Rising number of fines doesn’t always reflect bad driving


FATHER Neil McNicholas (The Yorkshire Post, November 20) has used the number of fixed penalty notices issued to drivers as a basis for his article on basic values and bad driving. It is debatable as to the merit in this argument. Fixed penalties are invariably created by cash cows – inanimate objects incapable of justice – so the problem is much deeper than this. Good manners begin with teaching at home but with so many couples having to work just to keep a roof over their heads, and the influence of TV, very often standards are allowed to fall.

In the matter of driving standards in the UK, generally, drivers are considerate but I accept that most days you will come across a driver who needs to be plucked from the road and shown the error of their ways.

Don’t be fooled by fixed penalty notices though. I have received three, all in London, one for stopping on a box junction which I could not see due to the volume of traffic, one for driving on Royal Hospital Road three minutes before the Congestion Charge ended and once for straying into a bus lane in Cricklewood Broadway while on satellite navigation. This last mistake lasted for 20 seconds without impeding any bus.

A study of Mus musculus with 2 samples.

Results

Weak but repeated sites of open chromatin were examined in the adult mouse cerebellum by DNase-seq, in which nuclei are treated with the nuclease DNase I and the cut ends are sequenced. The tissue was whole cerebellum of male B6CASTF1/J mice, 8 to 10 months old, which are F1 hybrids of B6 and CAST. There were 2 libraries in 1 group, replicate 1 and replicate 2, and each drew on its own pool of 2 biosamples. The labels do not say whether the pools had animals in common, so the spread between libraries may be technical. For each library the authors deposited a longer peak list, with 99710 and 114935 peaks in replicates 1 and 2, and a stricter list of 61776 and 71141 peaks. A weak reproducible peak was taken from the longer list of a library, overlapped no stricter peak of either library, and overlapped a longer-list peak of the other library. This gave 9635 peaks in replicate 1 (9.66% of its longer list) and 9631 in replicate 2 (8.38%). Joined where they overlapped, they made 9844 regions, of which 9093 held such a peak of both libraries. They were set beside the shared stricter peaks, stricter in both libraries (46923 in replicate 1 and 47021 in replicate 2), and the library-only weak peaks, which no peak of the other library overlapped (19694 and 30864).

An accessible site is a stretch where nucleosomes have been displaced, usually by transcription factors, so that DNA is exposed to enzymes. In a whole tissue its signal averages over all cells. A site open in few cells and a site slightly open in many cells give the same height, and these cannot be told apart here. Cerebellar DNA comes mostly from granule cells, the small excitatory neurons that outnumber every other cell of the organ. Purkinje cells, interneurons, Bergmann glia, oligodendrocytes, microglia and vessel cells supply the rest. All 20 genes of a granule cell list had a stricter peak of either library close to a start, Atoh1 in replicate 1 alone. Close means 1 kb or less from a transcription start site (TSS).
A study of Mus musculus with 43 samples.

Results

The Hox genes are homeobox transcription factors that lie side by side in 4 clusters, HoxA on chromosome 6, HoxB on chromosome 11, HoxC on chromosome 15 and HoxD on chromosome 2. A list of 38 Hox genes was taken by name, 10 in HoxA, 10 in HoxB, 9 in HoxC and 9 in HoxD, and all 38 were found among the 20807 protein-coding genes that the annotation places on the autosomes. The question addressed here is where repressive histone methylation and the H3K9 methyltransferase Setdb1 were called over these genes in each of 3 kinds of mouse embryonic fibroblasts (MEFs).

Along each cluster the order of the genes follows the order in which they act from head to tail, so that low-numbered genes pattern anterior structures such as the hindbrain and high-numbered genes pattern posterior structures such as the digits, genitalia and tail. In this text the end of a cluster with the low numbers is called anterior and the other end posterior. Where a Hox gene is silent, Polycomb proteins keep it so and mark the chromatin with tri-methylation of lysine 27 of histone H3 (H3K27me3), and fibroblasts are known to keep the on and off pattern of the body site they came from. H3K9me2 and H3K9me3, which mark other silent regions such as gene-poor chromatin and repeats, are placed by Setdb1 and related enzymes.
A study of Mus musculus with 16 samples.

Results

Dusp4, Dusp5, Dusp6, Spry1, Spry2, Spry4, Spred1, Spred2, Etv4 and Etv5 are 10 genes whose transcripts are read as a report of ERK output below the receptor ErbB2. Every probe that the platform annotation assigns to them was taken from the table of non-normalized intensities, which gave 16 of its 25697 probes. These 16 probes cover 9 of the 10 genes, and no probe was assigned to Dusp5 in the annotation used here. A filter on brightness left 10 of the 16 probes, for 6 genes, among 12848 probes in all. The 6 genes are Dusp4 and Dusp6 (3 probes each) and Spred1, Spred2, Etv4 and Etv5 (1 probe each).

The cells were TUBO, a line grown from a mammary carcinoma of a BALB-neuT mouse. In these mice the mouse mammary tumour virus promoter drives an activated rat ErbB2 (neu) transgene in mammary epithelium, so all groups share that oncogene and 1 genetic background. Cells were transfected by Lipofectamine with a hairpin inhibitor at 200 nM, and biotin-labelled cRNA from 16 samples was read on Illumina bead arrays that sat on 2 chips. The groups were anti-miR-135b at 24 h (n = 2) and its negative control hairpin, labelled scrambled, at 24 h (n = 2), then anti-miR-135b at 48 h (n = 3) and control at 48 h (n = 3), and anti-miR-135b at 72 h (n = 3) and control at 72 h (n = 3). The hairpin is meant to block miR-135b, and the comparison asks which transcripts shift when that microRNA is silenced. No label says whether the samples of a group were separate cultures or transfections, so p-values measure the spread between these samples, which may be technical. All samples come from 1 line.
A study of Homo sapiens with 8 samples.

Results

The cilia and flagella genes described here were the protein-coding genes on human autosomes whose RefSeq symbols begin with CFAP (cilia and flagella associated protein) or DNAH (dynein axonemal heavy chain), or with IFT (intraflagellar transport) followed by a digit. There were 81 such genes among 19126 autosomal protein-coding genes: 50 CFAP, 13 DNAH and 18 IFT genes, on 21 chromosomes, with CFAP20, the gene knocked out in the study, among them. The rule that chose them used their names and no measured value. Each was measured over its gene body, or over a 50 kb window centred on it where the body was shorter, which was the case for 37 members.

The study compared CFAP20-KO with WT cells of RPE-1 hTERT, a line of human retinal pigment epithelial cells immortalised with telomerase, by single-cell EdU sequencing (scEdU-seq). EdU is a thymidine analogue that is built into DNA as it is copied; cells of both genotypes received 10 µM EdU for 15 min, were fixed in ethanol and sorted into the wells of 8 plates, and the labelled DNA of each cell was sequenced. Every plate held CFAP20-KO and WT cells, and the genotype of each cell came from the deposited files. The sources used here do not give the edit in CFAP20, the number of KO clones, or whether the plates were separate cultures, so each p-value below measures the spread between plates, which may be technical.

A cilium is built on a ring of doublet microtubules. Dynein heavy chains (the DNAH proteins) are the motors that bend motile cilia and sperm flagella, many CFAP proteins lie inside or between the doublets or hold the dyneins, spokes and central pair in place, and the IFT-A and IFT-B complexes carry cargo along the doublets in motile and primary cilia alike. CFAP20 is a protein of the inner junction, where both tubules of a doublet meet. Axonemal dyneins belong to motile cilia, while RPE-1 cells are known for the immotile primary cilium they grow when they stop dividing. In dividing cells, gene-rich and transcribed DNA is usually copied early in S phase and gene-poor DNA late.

Many roads in Yorkshire have had speed limits reduced from 40 to 30 mph. In times of heavy traffic, this is sensible but when there is little traffic and no pedestrians, 40 mph would be safe but cash cows do not recognise this.

Modern cars with disc brakes, ABS and high-tech suspensions and tyres are much safer than cars of yesteryear but again, cash cows do not recognise this either.

Thus far, I have never received a ticket for speeding but I “read the road” which can mean very high speeds on the Autobahn and perhaps five miles per hour where there are schools with children milling around.

I use cruise control in restricted areas (where safe to do so) and, before I retired, I was also a “white van driver” – but there is no substitute for good manners!

From: Allan Ramsay, Radcliffe, Manchester.

WITH 11 London cyclists killed this year, there’s been a clampdown on unsafe cycling.

Fair enough – prevention is better than cure, and given there’s no cure for death, prevention it must be. With cyclists the ones being killed, and 90 per cent of such cases due to driver error, why isn’t there a clampdown on unsafe driving?

Wouldn’t the best prevention be for all drivers to engage in practical cycle training?